Here are some recommendations for getting better sleep with diabetes so you can get back control of your sleep and take better care of your health.

Stretching

Many people swear by a late-night stretch before bed in order to get a better night’s sleep. By improving blood flow, it can reduce the symptoms of restless leg syndrome, a disorder that causes a tingling in the legs and is more common in those with diabetes. It can also lower stress levels before bedtime, helping your mind and body relax just in time to fall, and stay, asleep.

CPAP machine

Many diabetics suffer from sleep apnea, a condition which causes you to stop breathing for short periods of time while you sleep. This can put a lot of pressure on the heart and, ultimately, lower your sleep quality. If you think you could have sleep apnea, a doctor and sleep specialist can prescribe a CPAP, or continuous positive airway pressure machine that uses a face mask to normalize your breathing at night. It can help avoid the frequent interruptions caused by sleep apnea and allow you to achieve higher-quality rest.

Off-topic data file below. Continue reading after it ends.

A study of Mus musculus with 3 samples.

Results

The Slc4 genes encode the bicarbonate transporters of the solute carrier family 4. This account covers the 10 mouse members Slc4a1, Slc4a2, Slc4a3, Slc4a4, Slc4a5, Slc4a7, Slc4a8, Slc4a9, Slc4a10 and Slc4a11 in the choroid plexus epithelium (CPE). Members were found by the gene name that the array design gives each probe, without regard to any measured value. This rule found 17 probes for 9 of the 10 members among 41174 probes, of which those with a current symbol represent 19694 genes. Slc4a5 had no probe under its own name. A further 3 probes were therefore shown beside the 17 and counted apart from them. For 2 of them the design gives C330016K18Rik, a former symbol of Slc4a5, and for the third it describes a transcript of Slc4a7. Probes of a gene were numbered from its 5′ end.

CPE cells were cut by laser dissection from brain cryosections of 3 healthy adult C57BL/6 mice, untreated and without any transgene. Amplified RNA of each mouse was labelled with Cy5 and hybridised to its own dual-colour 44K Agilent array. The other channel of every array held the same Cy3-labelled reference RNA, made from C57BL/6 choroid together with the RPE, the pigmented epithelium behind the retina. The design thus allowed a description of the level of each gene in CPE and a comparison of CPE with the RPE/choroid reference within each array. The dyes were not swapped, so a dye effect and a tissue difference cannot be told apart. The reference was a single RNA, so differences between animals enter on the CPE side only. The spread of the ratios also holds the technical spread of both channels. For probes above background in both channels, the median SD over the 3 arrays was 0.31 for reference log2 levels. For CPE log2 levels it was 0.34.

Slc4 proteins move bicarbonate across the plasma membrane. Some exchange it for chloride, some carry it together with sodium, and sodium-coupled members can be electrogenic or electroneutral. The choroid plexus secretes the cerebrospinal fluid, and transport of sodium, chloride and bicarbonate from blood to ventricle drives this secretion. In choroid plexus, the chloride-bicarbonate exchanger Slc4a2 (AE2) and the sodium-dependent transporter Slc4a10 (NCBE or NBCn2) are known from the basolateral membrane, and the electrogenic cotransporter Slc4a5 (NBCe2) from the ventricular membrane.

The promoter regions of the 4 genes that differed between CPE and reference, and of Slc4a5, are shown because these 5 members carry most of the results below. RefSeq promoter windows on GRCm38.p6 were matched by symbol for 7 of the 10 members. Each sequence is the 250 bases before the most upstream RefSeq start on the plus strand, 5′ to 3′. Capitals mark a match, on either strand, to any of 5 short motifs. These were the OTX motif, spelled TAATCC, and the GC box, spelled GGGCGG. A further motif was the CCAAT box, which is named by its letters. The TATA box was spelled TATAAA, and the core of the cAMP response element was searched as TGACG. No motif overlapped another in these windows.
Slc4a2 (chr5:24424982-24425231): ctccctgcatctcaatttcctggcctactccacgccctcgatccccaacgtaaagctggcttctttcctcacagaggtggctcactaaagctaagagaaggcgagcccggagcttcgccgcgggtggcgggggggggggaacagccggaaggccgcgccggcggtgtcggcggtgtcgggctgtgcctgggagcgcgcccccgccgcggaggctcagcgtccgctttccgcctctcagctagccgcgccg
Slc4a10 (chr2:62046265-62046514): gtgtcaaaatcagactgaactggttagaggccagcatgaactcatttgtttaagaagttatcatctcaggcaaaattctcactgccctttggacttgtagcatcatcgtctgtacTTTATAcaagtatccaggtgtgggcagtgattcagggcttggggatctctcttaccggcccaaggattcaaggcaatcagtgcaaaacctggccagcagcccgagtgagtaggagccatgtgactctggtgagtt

Breathable bedding

Excessive nighttime sweating is a common problem for those with diabetes due to low glucose levels. This can be very disruptive to sleep and extremely uncomfortable and frustrating. To ease the symptoms of diabetes-induced night sweating, use breathable pillows and a mattress that circulates airflow. These small updates can make a world of difference in lowering your body temperature and wicking away sweat for a sleep-filled night.

Exercise in the morning

Exercise is an essential part to managing diabetes. It can help regulate blood sugar levels and control weight, as well as improve overall sleep quality. There’s a reason, after all, why we feel tired after going for a jog: our bodies crave rest so they can restore and rebuild damaged muscle. Getting in additional physical activity, even if it’s a simple walk around the block or a fifteen minute jog, can help you fall asleep at night. Just try to keep strenuous exercise earlier in the day so you don’t overstimulate your body close to bedtime.

While diabetes can lower sleep quality and ultimately worsen its own symptoms, the reverse is also true. The fatigue relief that accompanies better sleep can also boost your energy and, therefore, activity levels. This should help you manage your diabetes and remain proactive in a healthier lifestyle. Do your best to get about eight hours of sleep a night to regain control of your diabetes and wellbeing.